Metformin May Edge Glyburide in Gestational Diabetes

By David Douglas

April 06, 2015

NEW YORK (Reuters Health) - Both metformin and glyburide are effective oral agents for maintaining glycemic control in gestational diabetes mellitus (GDM). However, certain side effects are greater with glyburide, according to Chinese researchers.

As Dr. Zhong-ning Zhu told Reuters Health by email, "glyburide was associated with higher maternal weight gain, higher neonatal birth weight, increased incidence of neonatal hypoglycemia, and increased incidence of macrosomia than metformin."

Dr. Zhu, of Hebei Medical University in Shijiazhuang, and colleagues did a network meta-analysis involving 18 randomized trials comparing oral agents or oral agents versus insulin. The number of patients enrolled ranged from around two dozen to more than 700, the researchers report in the Journal of Clinical Endocrinology & Metabolism, online March 24.

"There was no significant difference in maternal fasting blood glucose or HbAlc levels in GDM patients treated with insulin, metformin, and glyburide," Dr. Zhu said.

However, compared to insulin, metformin was associated with a lower weighted mean difference in maternal weight gain (-1.49 kg). This was also the case for gestational age (-0.16 weeks), but there was an increased incidence of premature birth (odds ratio, 1.63). All of the differences were statistically significant.

Use of glyburide was associated with a significant increases in neonatal birth weight (131 g), incidence of neonatal hypoglycemia (OR, 2.64) and an incidence of macrosomia (OR, 3.09).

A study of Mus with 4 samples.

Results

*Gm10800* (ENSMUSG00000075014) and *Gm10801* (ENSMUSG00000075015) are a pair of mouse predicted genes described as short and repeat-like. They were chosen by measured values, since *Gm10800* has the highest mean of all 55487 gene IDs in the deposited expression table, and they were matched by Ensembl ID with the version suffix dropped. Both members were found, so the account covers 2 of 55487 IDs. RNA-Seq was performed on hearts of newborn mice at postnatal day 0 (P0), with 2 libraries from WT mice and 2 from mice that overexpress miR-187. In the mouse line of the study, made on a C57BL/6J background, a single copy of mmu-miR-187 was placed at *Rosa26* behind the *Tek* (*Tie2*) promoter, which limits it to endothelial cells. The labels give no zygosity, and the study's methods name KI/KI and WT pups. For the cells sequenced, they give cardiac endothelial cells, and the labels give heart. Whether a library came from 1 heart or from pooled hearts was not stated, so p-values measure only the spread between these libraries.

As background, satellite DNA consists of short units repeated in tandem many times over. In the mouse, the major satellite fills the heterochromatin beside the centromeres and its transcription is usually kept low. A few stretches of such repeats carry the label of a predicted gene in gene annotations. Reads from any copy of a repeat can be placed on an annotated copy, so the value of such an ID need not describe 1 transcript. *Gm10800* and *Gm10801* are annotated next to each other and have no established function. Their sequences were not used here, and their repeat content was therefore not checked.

Dr. Zhu and colleagues note that, "While no long term harms to the exposed offspring from either of these drugs have been demonstrated, no long-term studies have been performed with appropriate controls either in humans or animal models."

Another possible concern, they conclude, is that use of oral antidiabetic drugs alone may be insufficient, so clinicians "should counsel their patients on the risk of failure to achieve optimal glycemic control when used as a single agent."

Recently, a large Swedish study found that glyburide for GDM was associated with greater risk of harm than insulin in newborns. (See Reuters Health report March 30, 2015).


J Clin Endocrinol Metab 2015.


Comments on Medscape are moderated and should be professional in tone and on topic. You must declare any conflicts of interest related to your comments and responses. Please see our Commenting Guide for further information. We reserve the right to remove posts at our sole discretion.